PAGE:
Forust Partners with design firm HagenHinderdael to demonstrate the beauty and sustainability of 3D printing with organics.
3D printing is transforming the mass production process, giving manufacturers in a wide range of industries the ability to create more intricate designs in a lower cost, on-demand format. Yet one challenge of the additive process is the scope of materials available. Plastics are the most common 3D printing material but metals, ABS, nylon, polycarbonate and polypropylene are also widely available.
While those materials are strong and versatile, they don’t necessarily fulfill demand for natural or sustainable products. However, a new class of organic materials is opening up possibilities for 3D printing. One such material, sawdust, is forming the basis for more eco-friendly 3D printing for sustainable products that helps put a common waste product to good use.
Founded in 2019, Forust, which was acquired by Desktop Metal in 2020, is at the forefront of 3D printing with sawdust. The company 3D prints products that are indistinguishable from conventional wood manufactured products, but are produced in a more affordable and environmentally responsible manner.
“The inspiration for Forust was to begin with sawdust and end with forests,” said Forust CEO Andrew Jeffery. “Our process is based on extensive research conducted over the past decade in the field of hardwood lumber, leading to complex and elegant finished structures. Through advanced CAD software, proprietary materials and Desktop Metal binder jetting mass production platforms, we can now manufacture beautiful, functional and innovative wood products for a variety of architectural, interior, and home goods applications from upcycled wood byproducts.”
Powered by Desktop Metal’s binder jetting 3D printing technology, Forust sources waste sawdust from woodworking facilities and mixes it with a bio-based binding agent derived from plant materials to create a composite material with structural integrity. The mixture is then extruded into a 3D printer which uses a nozzle to deposit the mixture in precise locations, following a digital 3D model. The material is then molded into the target form, layer by layer, until the final product is achieved. Once the object is printed, it is dried and cured to remove any excess moisture and strengthen the bond between the sawdust and binder. Finally, the object is sanded and finished to give it a smooth surface and the desired appearance.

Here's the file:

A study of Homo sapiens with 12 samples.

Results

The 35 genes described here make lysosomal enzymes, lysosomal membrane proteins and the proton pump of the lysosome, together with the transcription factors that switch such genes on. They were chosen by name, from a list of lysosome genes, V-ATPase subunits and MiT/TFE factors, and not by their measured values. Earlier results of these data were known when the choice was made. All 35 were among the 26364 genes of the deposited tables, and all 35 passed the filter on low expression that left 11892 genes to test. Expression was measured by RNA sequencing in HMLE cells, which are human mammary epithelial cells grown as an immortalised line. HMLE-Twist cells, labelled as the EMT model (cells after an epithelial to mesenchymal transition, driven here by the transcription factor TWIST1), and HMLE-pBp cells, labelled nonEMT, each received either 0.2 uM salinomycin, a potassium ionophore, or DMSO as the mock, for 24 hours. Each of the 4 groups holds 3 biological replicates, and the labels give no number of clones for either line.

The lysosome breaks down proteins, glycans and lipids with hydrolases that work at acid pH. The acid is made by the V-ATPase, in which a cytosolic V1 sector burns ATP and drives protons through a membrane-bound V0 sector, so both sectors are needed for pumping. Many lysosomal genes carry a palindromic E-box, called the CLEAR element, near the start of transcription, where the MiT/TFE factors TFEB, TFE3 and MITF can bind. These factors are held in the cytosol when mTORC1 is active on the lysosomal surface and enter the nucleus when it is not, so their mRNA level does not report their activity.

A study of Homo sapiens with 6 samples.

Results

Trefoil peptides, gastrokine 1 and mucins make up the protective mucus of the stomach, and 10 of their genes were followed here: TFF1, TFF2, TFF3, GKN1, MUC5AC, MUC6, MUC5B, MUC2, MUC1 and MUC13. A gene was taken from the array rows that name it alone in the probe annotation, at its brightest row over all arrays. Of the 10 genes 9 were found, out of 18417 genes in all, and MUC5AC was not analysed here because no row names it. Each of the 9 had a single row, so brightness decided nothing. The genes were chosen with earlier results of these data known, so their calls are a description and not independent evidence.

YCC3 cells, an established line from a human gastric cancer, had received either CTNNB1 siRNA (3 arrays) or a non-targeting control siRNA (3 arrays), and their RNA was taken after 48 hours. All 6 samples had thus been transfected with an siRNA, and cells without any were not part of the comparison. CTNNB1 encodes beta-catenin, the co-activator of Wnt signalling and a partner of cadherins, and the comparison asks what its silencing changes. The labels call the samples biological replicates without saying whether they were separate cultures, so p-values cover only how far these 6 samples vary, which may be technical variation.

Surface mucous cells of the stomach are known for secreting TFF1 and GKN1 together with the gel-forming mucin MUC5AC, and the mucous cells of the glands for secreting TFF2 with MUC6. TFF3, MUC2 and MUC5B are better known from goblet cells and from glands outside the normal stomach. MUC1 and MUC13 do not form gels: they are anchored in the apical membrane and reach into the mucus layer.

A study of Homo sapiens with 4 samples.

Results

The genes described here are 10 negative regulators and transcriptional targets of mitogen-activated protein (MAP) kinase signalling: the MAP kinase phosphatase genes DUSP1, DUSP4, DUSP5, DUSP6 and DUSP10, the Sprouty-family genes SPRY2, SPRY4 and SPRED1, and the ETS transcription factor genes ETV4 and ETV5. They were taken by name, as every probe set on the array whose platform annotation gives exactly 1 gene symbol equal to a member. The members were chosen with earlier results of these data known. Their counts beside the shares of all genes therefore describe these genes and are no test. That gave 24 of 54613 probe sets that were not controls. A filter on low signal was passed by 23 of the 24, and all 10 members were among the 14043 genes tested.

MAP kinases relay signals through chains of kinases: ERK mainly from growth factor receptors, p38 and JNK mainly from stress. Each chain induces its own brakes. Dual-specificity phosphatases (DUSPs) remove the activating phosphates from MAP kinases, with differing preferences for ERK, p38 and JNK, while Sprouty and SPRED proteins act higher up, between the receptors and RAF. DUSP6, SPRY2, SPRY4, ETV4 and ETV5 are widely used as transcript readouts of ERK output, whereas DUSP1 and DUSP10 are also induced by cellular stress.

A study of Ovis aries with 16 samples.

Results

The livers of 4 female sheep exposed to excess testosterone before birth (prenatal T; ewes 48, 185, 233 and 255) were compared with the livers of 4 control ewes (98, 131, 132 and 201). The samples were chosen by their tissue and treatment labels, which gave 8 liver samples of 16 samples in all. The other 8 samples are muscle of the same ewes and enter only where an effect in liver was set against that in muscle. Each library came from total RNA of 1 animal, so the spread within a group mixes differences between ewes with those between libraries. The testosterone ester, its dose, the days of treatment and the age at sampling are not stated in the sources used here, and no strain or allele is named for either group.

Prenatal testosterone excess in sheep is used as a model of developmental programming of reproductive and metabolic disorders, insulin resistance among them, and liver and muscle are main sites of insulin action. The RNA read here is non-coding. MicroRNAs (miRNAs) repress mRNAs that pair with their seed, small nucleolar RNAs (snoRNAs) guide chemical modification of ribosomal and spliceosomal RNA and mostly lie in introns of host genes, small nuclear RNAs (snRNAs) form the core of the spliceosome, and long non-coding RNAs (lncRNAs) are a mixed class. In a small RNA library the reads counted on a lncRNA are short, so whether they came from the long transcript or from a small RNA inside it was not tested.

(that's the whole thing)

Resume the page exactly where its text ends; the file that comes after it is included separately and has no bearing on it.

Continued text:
The Shop System Forust Edition was the first commercially available 3D printing system to process up-cycled sawdust into functional, end-use wood parts using high-speed binder jetting technology. Some of the applications of the technology are luxury vehicles and high-end homes that possess a range of finishes and materials, including rare and exotic grain structures as well as wood fishes without a grain. One of the processes’ advantages is that the bio-epoxy resin used as a binder has a similar strength to wood with a 90 MPa.
For batch production, the Shop System features a compact, high-speed, single-pass print engine that’s suited for production of small- to-medium-sized wood components. For mass production with a large build volume (180 x 90 x 30 cm) a large format, single-pass printer called the RAM 336 is used, capable of high-throughput, wood part mass production.
One of the big benefits of 3D printing with sawdust is that it produces less waste compared to traditional 3D printing materials. Since the sawdust is a byproduct that would otherwise be discarded, it also has a lower carbon footprint than other materials or conventional wood manufacturing. Additionally, the end products are strong, durable and can have a unique and natural aesthetic that’s well-suited for products in which an artistic appeal is desired.
One of Forest’s earliest collaborations was with London-based design firm HagenHinderdael. Founded by architects Sofia Hagen and Lisa Hinderdael, the firm pairs product design with art, and from its inception during the pandemic has been focused on materials research. With factories closed in 2020, they turned to the possibilities of 3D printing for production.
Hagen said that they had learned about Forust 3D printing with sawdust and were immediately interested in the fact that the process doesn’t use any glues or chemicals. Instead, lignin, which is extracted from wood is used as a binding agent in the process.
“We just fell in love with the material and the fact that it’s 100% organic and biodegradable,” said Hagen.”